The FEC will be defending the “structure” of the contribution limits this week in the US Court of Appeals for the District of Columbia. The case, Holmes v. Federal Election Commission, tests the constitutionality of the “per election” limits as applied to a donor’s choice to participate only in the one–the general–election. If a donor skips a primary, and wishes only to contribute in the general, she now cannot give the full amount allowed for the election cycle cycle, $5400, but only half of that: $2700, the “per election” limit for the general. The Holmes plaintiffs’ point is that this bifurcation of the limits serves no legitimate anti-corruption purpose. Donors do not potentially corrupt candidates in the primary, or the general, or a run-off: the corruption, if it occurs, is the result of the amounts given through the date that the candidate is elected to office, after which the new officeholder is in a position to return the favor. And the limit Congress settled on to serve this anticorruption interest is the combined allowance for the cycle, $5400, a point that the Supreme Court stressed in McCutcheon.
The problem presented by the bifurcation of the limits is worsened by the messiness of its application. Incumbents and other largely unopposed candidates do well under this system, collecting money for primaries they don’t have to compete in and transferring the money to their general election accounts. Both the candidates in this position and their donors are aware that the money being given to the “primary” is really for the “general.” And a candidate can collect a contribution designated for the general election before the primary election is decided, provided that the candidate escrows the money and does not spend it until after the date of the primary. In this case, the candidate has, in fact, accepted a full cycle contribution of $5400 prior to the general election. It may be subject to a restriction on when it is spent, but the donor looking to make an impression, with a full cycle’s worth of contributions before the primary, will have done so. Or, knowing that a primary candidate is closing in on victory, a donor can give the full primary election amount the day before the primary, and the full general election amount the day after, with confidence that he or she has given $5400 for the general election.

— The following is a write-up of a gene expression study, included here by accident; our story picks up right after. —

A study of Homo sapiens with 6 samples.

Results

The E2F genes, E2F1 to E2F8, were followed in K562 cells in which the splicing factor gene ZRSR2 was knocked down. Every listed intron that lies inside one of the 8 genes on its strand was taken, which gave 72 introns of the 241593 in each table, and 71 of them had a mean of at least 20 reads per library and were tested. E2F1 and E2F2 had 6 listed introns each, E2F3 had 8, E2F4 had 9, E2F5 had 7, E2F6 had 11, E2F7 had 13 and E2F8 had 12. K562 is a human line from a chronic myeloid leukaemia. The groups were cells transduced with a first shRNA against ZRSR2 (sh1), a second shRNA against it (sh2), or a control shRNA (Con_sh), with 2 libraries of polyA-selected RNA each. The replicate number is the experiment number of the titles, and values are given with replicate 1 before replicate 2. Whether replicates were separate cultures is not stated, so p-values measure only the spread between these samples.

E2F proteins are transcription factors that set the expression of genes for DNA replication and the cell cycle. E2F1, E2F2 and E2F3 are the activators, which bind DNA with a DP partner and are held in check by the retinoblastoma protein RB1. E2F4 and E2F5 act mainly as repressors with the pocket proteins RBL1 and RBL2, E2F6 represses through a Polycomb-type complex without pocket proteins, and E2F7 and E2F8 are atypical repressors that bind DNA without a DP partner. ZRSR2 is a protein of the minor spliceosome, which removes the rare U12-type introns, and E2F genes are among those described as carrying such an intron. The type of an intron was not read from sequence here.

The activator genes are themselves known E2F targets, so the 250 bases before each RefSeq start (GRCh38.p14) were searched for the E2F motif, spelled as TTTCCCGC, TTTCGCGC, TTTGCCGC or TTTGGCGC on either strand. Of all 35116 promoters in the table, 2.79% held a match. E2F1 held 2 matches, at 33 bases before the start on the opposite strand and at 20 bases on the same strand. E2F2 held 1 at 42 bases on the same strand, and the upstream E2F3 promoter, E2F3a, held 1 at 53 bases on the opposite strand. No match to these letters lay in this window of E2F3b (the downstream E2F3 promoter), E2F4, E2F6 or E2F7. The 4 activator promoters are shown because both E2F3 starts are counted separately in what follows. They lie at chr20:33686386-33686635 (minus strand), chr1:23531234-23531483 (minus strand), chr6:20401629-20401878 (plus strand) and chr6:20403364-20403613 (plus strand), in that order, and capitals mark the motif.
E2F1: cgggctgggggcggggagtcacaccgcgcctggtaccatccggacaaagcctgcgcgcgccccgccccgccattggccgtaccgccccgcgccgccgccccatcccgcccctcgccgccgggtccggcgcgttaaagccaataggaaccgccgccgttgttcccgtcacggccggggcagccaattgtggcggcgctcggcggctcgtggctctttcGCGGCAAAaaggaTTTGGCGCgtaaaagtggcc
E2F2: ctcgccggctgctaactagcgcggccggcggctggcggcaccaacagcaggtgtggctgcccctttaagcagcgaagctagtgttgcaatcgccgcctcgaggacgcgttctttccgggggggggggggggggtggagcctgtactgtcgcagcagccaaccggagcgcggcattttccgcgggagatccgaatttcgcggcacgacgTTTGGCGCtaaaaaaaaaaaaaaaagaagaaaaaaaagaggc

And add to all this that by FEC rule, an opposed candidate who, by operation of state law is not even on the ballot may still raise a “primary” or “general” election contribution in the full amount. The regulation reads:
A primary or general election which is not held because a candidate is unopposed or received a majority of votes in a previous election is a separate election for the purposes of the limitations on contributions of this section. The date on which the election would have been held shall be considered to be the date of the election.
11 C.F.R. 110.1(j)(3).
To this, one can respond: no system is perfect. At some point, however, the illogic and internal inconsistencies of a regulatory system catch up with it. Defending this arrangement just adds to the inefficiencies and cost of compliance with the “regular” campaign finance system, and to the reasons why candidates and parties flee from it. Right now a candidate is more exposed to penalties for accepting a contribution of $2800 rather than $2700 than for encouraging the establishment of a Super PAC and staying close to it without violating “coordination” rules.
Of course, enforcement energy can always be dedicated to both the “regular” system and the one springing up outside of it that includes Super PACs and other such innovations. But it is also clear that the constitutional ground on which the second of these two battles is waged is unfavorable to advocates of campaign finance limits. As discouraging to them as this may be, it is not clear why it is wiser for them to then just double down on the anachronistic features of the regulatory system, like the per election limits. A better course might be to reform of those features, jettisoning what is useless and making it easier for candidates and parties to work within a scheme of sensible drawn rules.